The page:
Most Maryland employers wisely utilize non-compete and non-solicitation agreements.  Many of these agreements also contain provisions that protect a company’s confidential information, called a confidentiality clause or confidentiality provision.  Few employers, however, fully appreciate the protective force of these confidentiality agreements.

The purpose of this article is to highlight the added power that a confidentiality agreement brings to a non-compete or non-solicitation agreement.

The importance of a non-compete agreement was stated succinctly by the Court of Special Appeals of Maryland:

Once the employment relationship is terminated, the employee may solicit his former employer’s business absent an enforceable covenant restricting competition, misuse of trade secrets, or misuse of confidential information.

Optic Graphics, Inc. v. Agee, 87 Md. App. 770, 781-82, 591 A.2d 578, 584 (1991).

The importance of a confidentiality agreement is often overlooked.  Employers typically don’t think much of a confidentiality agreement.  If you’ve ever perused or scanned such an agreement your eyes may have glazed over from all of the legalese.

People often think, “I’m not The Coca-Cola Company.

I don’t have the “world’s most guarded secret” known only to two senior executives of a multi-billion dollar international company who are prohibited from traveling on the same plane.

I don’t need a purpose-built vault in headquarters with red lighting, fake smoke, palm scanner, numerical code pad and massive steel door.

However, a confidentiality agreement protects much more than a secret formula.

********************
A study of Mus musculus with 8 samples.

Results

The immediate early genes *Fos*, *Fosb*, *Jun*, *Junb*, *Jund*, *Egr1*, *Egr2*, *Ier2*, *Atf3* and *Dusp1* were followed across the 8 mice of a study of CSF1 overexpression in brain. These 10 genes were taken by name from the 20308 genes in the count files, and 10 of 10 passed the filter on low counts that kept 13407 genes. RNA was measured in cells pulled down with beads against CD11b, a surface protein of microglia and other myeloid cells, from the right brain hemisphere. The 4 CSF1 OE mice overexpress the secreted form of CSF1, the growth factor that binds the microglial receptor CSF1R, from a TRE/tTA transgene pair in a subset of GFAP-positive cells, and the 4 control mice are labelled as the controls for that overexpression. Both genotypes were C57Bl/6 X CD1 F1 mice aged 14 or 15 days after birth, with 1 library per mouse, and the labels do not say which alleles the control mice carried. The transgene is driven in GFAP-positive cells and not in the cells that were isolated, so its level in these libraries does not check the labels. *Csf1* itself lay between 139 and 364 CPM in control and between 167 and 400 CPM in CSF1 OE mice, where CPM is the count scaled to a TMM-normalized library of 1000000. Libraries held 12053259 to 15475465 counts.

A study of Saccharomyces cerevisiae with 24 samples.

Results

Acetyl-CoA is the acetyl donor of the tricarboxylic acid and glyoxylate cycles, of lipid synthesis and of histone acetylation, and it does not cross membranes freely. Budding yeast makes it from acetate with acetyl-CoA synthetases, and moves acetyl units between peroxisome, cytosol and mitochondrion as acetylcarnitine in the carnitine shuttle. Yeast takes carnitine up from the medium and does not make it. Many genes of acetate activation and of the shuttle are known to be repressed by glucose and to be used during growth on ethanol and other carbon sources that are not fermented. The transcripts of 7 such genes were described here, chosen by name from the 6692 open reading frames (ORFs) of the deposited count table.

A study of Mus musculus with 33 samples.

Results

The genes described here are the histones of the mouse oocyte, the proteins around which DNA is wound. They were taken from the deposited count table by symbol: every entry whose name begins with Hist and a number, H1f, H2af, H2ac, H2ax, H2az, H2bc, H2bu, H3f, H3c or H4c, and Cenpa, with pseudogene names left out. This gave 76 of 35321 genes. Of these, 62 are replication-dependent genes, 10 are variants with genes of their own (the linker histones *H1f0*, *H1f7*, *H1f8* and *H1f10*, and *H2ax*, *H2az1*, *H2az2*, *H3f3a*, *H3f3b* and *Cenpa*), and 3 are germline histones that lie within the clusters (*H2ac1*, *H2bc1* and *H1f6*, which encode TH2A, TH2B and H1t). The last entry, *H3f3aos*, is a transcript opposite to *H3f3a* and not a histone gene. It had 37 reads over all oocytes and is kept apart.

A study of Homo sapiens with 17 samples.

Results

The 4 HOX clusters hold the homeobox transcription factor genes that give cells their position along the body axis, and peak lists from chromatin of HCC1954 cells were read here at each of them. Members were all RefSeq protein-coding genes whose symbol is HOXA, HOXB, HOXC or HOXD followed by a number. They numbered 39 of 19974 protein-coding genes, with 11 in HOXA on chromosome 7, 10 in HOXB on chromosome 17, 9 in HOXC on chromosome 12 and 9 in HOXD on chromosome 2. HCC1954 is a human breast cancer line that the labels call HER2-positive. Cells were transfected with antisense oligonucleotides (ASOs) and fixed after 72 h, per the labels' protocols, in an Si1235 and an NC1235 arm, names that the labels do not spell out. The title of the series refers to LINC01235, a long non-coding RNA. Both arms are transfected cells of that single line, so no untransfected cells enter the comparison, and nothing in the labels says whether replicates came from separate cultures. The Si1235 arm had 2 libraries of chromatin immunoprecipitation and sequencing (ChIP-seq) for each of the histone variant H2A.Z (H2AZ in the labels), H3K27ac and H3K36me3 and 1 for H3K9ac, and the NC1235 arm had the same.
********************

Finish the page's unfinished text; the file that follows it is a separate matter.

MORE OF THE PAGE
A confidentiality agreement can be used as supplemental support to prevent the theft of clients or customers, and even the theft of client or customer names or contact information. 

Maryland Courts recognize customer lists as protectable information via confidentiality agreements. 

The most important point of this article is that confidentiality agreements are not subject to the time constraints of non-compete or non-solicitation agreements.  Non-compete and non-solicitation agreements are typically valid for two years or so.

Confidentiality agreements, on the other hand, are upheld by Maryland Courts without any time limitation—there is no expiration period.

Therefore, if an employee steals customer lists and attempts to trade on or capitalize on his or her theft, such an action may violate a confidentiality agreement even if the applicable non-compete or non-solicitation agreement already expired.

Confidentiality agreements are a potent tool for protecting companies from solicitation and diversion of clients by former employees.

The employment lawyers at Luchansky Law have extensive experience in counseling and litigation in the area of confidentiality agreements.

Additionally, Luchansky Law carefully drafts enforceable agreements, thereby successfully preventing litigation or positioning companies for success in the event of litigation.

Whether you are in need of aggressive and effective litigation representation or advice regarding current agreements and policies, contact Luchansky Law today.